So, you want to hold up a convenience store.
Maybe you’re looking to finance that Vicodin habit for half a day or perhaps you just need some extra dough to get through the holiday season.
I’m not here to judge. It seems like everybody and his cousin is robbing stores these days and one or two of them even get away with it.
You know, until some rat fink on Facebook recognizes the face in the store surveillance photo and calls it in.
It ain’t as easy as it used to be, you know. With Orwell-approved cameras on every street corner and police mining social media for clues, your garden variety stick-up has never been more challenging.
Which is, apparently, a part of the thrill.
I once had a conversation with a scrawny, bat-faced little fellow who claimed to have robbed half a dozen stores before he finally went down for sticking up a 7-Eleven.
“It’s awesome,” he told me. “Your head is all cloudy going in because you’re coming off the dope, but once you’re inside the store and ready to roll, everything becomes super clear and in focus. When you pull out your gun or whatever and start screaming at the clerk, it’s like someone else is controlling you. All you can see is the clerk’s terrified face and all that beautiful green in the cash register. It’s a total adrenaline rush.”
Of course, that adrenaline can also cause a stick-up man to lose control of his bodily functions, which might mean leaving crucial DNA evidence at the scene. It happens, yo.
The adrenaline dump can cause a fellow to make bad decisions, too, such as running straight to the bar to buy rounds for all his friends.
And once that surge of adrenaline is gone, dope sickness returns along with intense paranoia and a lingering sense of panic that gnaws like a fanged rodent at the nerves.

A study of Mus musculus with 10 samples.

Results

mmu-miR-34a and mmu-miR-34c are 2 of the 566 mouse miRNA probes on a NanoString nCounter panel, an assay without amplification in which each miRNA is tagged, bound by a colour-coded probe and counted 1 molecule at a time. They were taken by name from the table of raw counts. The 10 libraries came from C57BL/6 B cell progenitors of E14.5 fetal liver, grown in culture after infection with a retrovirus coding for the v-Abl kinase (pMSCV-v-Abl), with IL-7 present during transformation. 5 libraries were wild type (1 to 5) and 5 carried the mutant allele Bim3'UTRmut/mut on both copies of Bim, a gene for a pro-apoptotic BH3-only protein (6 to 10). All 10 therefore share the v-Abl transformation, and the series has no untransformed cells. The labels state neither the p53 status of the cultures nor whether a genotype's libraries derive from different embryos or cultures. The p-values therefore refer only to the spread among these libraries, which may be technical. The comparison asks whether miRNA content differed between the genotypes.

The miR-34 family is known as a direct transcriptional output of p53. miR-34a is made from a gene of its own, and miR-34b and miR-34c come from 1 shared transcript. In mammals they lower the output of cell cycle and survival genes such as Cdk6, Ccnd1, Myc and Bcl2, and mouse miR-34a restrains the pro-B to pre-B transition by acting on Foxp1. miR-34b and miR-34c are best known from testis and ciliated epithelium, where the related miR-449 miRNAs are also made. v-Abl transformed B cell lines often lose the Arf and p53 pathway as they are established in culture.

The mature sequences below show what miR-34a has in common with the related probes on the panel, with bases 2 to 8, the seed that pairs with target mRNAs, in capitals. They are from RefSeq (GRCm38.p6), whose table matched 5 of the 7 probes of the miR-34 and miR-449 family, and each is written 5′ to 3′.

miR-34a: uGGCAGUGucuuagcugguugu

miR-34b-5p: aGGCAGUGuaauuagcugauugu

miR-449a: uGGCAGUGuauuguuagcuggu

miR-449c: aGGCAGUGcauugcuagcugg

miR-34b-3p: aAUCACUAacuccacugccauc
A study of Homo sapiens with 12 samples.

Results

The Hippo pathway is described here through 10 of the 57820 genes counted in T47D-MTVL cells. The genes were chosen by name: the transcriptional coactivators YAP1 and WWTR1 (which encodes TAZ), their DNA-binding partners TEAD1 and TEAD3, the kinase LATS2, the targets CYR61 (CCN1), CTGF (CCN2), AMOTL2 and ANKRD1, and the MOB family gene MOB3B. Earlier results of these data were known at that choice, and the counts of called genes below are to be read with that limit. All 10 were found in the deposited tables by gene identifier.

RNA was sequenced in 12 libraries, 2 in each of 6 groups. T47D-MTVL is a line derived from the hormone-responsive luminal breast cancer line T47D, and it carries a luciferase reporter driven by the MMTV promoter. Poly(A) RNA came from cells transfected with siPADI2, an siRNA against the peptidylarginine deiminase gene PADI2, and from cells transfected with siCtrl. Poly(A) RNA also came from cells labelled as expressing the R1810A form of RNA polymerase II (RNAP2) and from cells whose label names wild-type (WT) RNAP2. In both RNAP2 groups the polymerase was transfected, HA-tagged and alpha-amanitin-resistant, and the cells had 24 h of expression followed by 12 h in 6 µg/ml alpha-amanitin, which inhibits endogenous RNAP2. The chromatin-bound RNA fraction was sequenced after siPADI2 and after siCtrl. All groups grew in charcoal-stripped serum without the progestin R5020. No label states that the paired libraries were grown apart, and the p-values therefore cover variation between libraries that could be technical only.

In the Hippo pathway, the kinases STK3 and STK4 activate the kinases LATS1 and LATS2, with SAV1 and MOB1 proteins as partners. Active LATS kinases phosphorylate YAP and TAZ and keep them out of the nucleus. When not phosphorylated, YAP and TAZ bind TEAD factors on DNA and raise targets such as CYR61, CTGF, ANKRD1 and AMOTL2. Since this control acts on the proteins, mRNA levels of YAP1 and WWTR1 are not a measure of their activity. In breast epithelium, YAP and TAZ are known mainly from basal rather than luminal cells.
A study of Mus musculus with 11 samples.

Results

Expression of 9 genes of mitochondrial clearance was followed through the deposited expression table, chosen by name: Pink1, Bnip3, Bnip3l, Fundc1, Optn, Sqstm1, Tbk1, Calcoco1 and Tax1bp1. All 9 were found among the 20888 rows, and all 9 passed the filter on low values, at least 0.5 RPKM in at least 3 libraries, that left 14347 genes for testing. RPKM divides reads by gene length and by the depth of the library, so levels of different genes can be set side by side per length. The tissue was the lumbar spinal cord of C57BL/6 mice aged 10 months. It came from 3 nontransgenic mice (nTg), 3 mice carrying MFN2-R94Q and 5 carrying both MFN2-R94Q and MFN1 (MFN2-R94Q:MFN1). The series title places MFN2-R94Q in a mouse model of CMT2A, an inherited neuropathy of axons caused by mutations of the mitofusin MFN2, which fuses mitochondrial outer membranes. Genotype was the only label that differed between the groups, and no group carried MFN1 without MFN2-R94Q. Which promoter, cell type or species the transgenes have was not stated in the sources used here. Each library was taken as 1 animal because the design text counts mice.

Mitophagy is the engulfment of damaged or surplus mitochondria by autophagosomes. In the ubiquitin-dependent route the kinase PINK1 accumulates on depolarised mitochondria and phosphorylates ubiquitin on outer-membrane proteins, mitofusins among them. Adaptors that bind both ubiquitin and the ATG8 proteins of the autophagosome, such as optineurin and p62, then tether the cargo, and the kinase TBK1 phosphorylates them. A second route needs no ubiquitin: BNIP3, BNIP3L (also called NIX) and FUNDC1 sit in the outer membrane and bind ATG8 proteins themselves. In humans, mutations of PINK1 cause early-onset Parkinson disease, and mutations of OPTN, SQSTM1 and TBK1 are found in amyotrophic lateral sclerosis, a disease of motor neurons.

“The eighty or ninety bucks I got in the robbery would be gone in three hours,” the retired stick-up man told me. “But that sick feeling of panic would last for weeks.”
Rob a store and you become like that poor slob in “The Running Man,” hunted by police and a community of citizens just frothing to see your downfall.
Nobody likes a thief, my friend, and a thief who threatens a hardworking store clerk with violence is even more reviled. Your own momma might turn you in. Your friends will make anonymous calls to the police and even the dealer man you were so eager to buy from might drop a dime if only to earn brownie points with The Man.
The days of glorified thievery are long gone. Jesse James is dead, his reputation in tatters, and Robin Hood can no longer fit into the tights. Even the most woeful excuse — I was out of my head on Oxy; the dealer was going to break my thumbs; my ma needs an operation that costs between 80 and 90 dollars — will be loudly rejected by the masses.
Even those quasi-polite robbers who eschew weapons in favor of a note (“Dear store clerk: would you terribly mind handing over all the cash in the register? Would really appreciate it. Thanks. XOXO”) are universally scorned.
Whenever the newspaper reports on a fresh stick-up — guy with a knife at the Big Apple in Lisbon; guy with a gun, twice, at USA Gas in Lewiston — the reaction from our readers tends toward the extreme side.
“Bring back hanging!” declares one poster.
“To heck with that,” offered another, “thieves should have their hands cut off like in the olden days!”
That may be a little bit harsh for our modern times. But at least while these bandits remain on the lam, you can rest assured that they’re probably not out there living the high life with that fistful of crumpled tens and fives. Cowering in dark apartments, too paranoid to step outside, more likely, and lamenting the grisly ruination of another pair of underpants.
Sounds like quite the thrill, eh?
Mark LaFlamme is a Sun Journal staff writer. Bandits on the lam can turn themselves in at firstname.lastname@example.org.